The duo is an abiding force in Americana music and, more recently, male/female pairings have come very much to the fore – the Civil Wars (before their split), Shovels and Rope, Gillian Welch and David Rawlings, The Handsome Family and many more. The latest addition to these ranks may well be singer-songwriters Audrey MacAlpine and Hugh Trimble, operating under the stunningly original moniker of Audrey and Hugh!
The key to the very best duos is the combination of voices and these are two voices that combine very well indeed; they both have a strong, clear voice along with great tone and their harmonies are excellent, as ably demonstrated on the track ‘Witness (Hey Ho)’, the first single from the album, with its Acapella opening. So far, so good – and it gets better. Both are accomplished songwriters, writing separately and together and producing some very good songs if this, their debut album, is anything to go by.
Audrey and Hugh both started out on the New York scene and originally met in Brooklyn, re-connecting some years later when they each, coincidentally, found themselves living and working in Nashville. They claim to be influenced by Folk and Americana storytelling traditions while basing their sound on the New York City sound of the early 60s that bought us the likes of Bob Dylan, Joan Baez and Peter, Paul and Mary, but there’s more than a trace of country in their sound and Nashville has clearly cast some of its spell over them; album opener ‘Door to Door’ is sung entirely in close harmony and is quite reminiscent of the Everly Brothers in places.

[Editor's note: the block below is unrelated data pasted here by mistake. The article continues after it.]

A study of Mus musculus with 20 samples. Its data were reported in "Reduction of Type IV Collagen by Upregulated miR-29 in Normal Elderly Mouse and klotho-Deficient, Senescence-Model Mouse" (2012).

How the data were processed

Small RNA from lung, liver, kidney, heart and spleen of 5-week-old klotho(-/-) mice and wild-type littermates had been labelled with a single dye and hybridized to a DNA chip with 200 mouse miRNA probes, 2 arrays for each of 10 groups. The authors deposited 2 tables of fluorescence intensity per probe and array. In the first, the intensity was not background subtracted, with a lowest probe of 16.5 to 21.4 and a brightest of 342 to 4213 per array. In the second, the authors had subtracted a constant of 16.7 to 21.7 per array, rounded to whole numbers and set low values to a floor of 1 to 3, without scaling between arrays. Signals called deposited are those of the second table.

This is a strong album extremely well produced by Grammy-winning sound engineer and producer Mitch Dane but, sadly, there’s no information on who played what on the album, which is a shame because there’s a lot of good musicianship on show here. Particularly striking is some of the fiddle playing, at its best on the track ‘Patrick Swayze’.
The duo have an interesting story about the album’s title, ‘Sisterman’. It seems that the name Sisterman, started as a word the pair used to describe the familiar closeness of their bond, but evolved to “became more of an exclamation, and when people started to like our music and recognize us, they’d refer to us in that way, yell it at us when we played, so it stuck as a name for the project.” It seems a little corny as a story but you can judge for yourself how well ‘Sisterman’ describes their sound and songs with the album being released in the UK in April. It’s an assured debut and, on the strength of this first album, we should be hearing a lot more from Audrey & Hugh.